Some current projects:


Digital Hammurabi

Digital Hammurabi is a major, cross-disciplinary effort aimed at making and visualizing highly accurate three dimensional models of cuneiform tablets. This project includes the design and implementation of a capture system capable of scanning small objects at a resolution of 50 micrometers or more. We are developing algorithms for managing, storing and remotely displaying the massive amounts of data generated by the scanning system. We are also developing novel display algorithms to enhance the small tablet features.


Volume Visualization

Our visualization project involves interactive visualization of massive scalar fields. These fields may be defined on structured grids or unstructured grids. In addition, they could be time-varying. So far we have focussed on guaranteed speed visualization of fields too large to fit in the 3d texture and on interactive exploration of iso-surfaced to enable knowledge discovery. We are using some of these techniques to assist physicists to learn about the characteristics of turbulence near black holes.


Scalable Walkthrough

Walkthrough of large out of core models has been an active area of research. Our contribution to this field is an approach that is highly scalable. It ensures high-quality (with a deviation error of less than 1 pixel on screen) display of models of increasing sizes at interactive rates at the cost of some pre-processing.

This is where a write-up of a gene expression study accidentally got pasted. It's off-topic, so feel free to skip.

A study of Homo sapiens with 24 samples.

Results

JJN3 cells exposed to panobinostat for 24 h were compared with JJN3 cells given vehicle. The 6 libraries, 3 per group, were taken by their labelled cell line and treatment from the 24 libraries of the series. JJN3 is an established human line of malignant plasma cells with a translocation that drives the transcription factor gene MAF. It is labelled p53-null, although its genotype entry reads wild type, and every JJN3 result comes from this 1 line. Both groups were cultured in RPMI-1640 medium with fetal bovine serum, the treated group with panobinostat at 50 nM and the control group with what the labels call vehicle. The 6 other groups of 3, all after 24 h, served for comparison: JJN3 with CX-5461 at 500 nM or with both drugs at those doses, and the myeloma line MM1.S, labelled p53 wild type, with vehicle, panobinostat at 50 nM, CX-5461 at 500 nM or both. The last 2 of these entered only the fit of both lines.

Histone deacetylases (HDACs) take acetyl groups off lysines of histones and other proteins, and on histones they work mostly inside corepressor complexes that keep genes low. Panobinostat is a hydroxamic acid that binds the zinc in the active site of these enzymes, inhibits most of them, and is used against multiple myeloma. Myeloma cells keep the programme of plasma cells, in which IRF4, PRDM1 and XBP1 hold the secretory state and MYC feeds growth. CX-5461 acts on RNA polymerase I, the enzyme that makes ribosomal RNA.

Visibility Computation

Visibility computation is required for rendering and shadow generation. In order to reduce the bottleneck on pixel processors, we have developed schemes to cull large portions of data, which are guaranteed to be invisible. We have developed algorithms both for back-face culling and occlusion culling.


Spline Surface Rendering

We have developed algorithms for fast view-dependent triangulation and display of spline surfaces. Some of the early work was limited to uniform tessellation. More recent part of the project has focussed on adaptive tessellation and point based rendering of spline surfaces.


Surface Repair

An overwhelmingly large fraction of models in use today have errors, numerical as well as topological. We have developed a system to automatically find errors in a large model and correct them. This system includes a human-in-the-loop step, which allows a human to navigate the space of possible corrections and select one more suitable for the application than the one derived by the system.

See this list of selected publications for more detail.